Okay, this is not a typical question, but applies in a specific case. Starting out as a freelancer, most of us spend a lot of time in picking up necessary skills and building out a set of happy clients and drawing a decent, even if not steady, income.
Now when we want to take up more work, naturally the first thought is to hire people - but its such a pain, if you ask me - depending on other people to do the work, taking up a project (maybe on fixed price) but having to pay a salary to your employees, keeping track of their work timings, training them, etc, its just too much work. Still I see a lot of people have successfully transitioned from being Freelancers to small teams, and then bigger teams fairly easily - at the same time, many, still cringe at that notion.
What do you think is needed to make that jump - from being a freelancer, to actually being a development company?
Though I've no experience on this, I'd like to take this opportunity to recommend a book I've been reading that was highly recommended for people getting in to start-ups.
It is: Eric Sink on the Business of Software An absolutely amazing insight to software start-ups and addresses this very issue in one of the chapters. To summarize from the book, put off hiring people for absolutely as long as you can. Only employ people you absolutely trust, and turning away a good developer, is better than hiring a bad one.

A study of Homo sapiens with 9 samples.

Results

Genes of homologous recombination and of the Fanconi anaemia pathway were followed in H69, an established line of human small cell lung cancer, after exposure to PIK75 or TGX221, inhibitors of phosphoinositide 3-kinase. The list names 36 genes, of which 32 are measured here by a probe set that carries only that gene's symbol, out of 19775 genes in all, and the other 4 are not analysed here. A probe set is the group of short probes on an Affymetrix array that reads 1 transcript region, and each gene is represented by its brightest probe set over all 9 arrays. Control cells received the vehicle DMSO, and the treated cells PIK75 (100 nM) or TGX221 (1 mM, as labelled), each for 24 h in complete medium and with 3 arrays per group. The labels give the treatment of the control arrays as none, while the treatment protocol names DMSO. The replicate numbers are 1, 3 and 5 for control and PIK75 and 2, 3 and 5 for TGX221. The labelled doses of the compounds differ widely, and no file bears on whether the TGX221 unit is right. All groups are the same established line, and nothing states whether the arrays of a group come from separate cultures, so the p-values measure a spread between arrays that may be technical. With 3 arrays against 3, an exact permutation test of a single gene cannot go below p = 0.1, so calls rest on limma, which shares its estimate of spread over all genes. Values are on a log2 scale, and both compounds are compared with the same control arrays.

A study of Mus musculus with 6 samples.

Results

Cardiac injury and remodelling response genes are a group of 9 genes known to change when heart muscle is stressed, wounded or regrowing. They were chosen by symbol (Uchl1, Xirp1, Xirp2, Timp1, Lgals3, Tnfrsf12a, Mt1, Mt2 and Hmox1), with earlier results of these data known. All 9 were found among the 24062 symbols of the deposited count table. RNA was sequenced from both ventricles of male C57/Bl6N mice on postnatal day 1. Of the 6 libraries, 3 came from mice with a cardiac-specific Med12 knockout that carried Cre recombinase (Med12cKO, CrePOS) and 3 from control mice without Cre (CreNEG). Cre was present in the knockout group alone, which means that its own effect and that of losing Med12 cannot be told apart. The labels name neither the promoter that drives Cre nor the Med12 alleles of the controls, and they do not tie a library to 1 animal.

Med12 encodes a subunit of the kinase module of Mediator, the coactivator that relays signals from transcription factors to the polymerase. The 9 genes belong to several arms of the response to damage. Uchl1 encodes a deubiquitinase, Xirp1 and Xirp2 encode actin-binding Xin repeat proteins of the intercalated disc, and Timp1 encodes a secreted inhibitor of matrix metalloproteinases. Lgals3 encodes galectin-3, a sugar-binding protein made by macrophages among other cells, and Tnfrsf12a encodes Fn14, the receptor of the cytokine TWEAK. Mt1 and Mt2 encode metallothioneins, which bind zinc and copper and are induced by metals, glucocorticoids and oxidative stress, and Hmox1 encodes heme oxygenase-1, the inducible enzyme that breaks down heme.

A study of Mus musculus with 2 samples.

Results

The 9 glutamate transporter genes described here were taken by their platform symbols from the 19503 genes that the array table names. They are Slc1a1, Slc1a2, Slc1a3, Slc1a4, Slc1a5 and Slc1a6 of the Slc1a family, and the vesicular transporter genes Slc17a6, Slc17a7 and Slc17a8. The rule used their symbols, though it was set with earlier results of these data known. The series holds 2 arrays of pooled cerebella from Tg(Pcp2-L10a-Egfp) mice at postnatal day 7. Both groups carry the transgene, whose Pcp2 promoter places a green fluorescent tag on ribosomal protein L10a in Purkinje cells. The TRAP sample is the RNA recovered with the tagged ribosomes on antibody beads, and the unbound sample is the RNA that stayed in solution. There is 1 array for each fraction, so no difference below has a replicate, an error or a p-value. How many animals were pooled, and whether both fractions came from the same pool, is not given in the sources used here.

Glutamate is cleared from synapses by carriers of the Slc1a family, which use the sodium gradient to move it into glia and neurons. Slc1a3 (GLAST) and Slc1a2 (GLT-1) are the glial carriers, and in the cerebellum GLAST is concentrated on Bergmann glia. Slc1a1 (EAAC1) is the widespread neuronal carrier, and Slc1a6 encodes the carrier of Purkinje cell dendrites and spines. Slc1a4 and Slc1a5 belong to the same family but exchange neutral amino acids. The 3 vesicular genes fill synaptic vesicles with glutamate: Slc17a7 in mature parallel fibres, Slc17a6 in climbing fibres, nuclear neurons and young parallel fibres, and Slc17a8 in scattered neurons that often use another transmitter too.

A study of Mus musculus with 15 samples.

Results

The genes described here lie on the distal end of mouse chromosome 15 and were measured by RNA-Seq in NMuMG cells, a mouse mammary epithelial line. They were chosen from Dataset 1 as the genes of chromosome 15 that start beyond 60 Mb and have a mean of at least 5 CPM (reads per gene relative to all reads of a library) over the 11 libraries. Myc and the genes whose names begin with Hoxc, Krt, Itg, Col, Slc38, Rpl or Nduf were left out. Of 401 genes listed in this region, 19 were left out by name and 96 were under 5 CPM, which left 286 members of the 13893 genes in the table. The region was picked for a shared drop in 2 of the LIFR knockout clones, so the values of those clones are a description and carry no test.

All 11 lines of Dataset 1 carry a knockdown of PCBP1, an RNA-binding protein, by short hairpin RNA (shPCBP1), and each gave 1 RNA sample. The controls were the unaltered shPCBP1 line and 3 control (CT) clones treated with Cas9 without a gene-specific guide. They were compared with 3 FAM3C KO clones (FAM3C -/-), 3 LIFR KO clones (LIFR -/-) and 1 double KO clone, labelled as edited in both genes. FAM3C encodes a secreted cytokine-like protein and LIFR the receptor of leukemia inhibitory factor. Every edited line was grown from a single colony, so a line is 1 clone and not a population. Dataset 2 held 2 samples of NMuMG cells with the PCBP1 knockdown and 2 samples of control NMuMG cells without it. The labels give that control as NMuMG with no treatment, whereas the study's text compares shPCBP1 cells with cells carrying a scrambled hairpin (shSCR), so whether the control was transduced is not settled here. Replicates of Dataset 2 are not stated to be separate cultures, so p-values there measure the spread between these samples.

Great book, thoroughly enjoying it.
Owners don't think or act like managers and managers don't think like technicians. You have to give up on the notion that you write better code than anyone else on the planet.
Apply your knowledge to design a company that minimizes these issues. You don't have to do all of these tasks yourself.
Where did you come up with the idea that this is easy for anyone? I guess after you've worked on something for several years it does tend to get easier.
Running a professional services firm is a challenge. This http://www.amazon.com/Managing-Professional-Service-David-Maister/dp/0684834316 was helpful in clarifying the issues.
I have done this and my technique was to first recruit a summer intern. They are cheap and allow you to fail cheaply and quickly. My first was awesome, and I offered him a job when he graduated.
I still did 75% coding and failed to make a viable company because I couldn't become a manager and salesman first and techie second. I work for someone else now and I'm ok with that.
I suggest you create a middle point between being a freelancer and being a develpment company. In this new stage, you wouldn't hire people; instead you should make yourself a grill of development companies of asorted sizes, prices and work schemas.
With a database of developing providers, start giving contracts to them but not as "they will do everything" but as "I will agree with you in some guidelines of what would be the development process, then I'll go through the inception stage along with you and then you will take charge of the project". You will be the guardian of the agreement terms (schedule, budget).
If you work this way, the time will let you know how your own develpment company should work, what kind of people do you need and probably, you will be able to talk great programmers and tech-leaders (already known by you) into going along with you in your enterprise.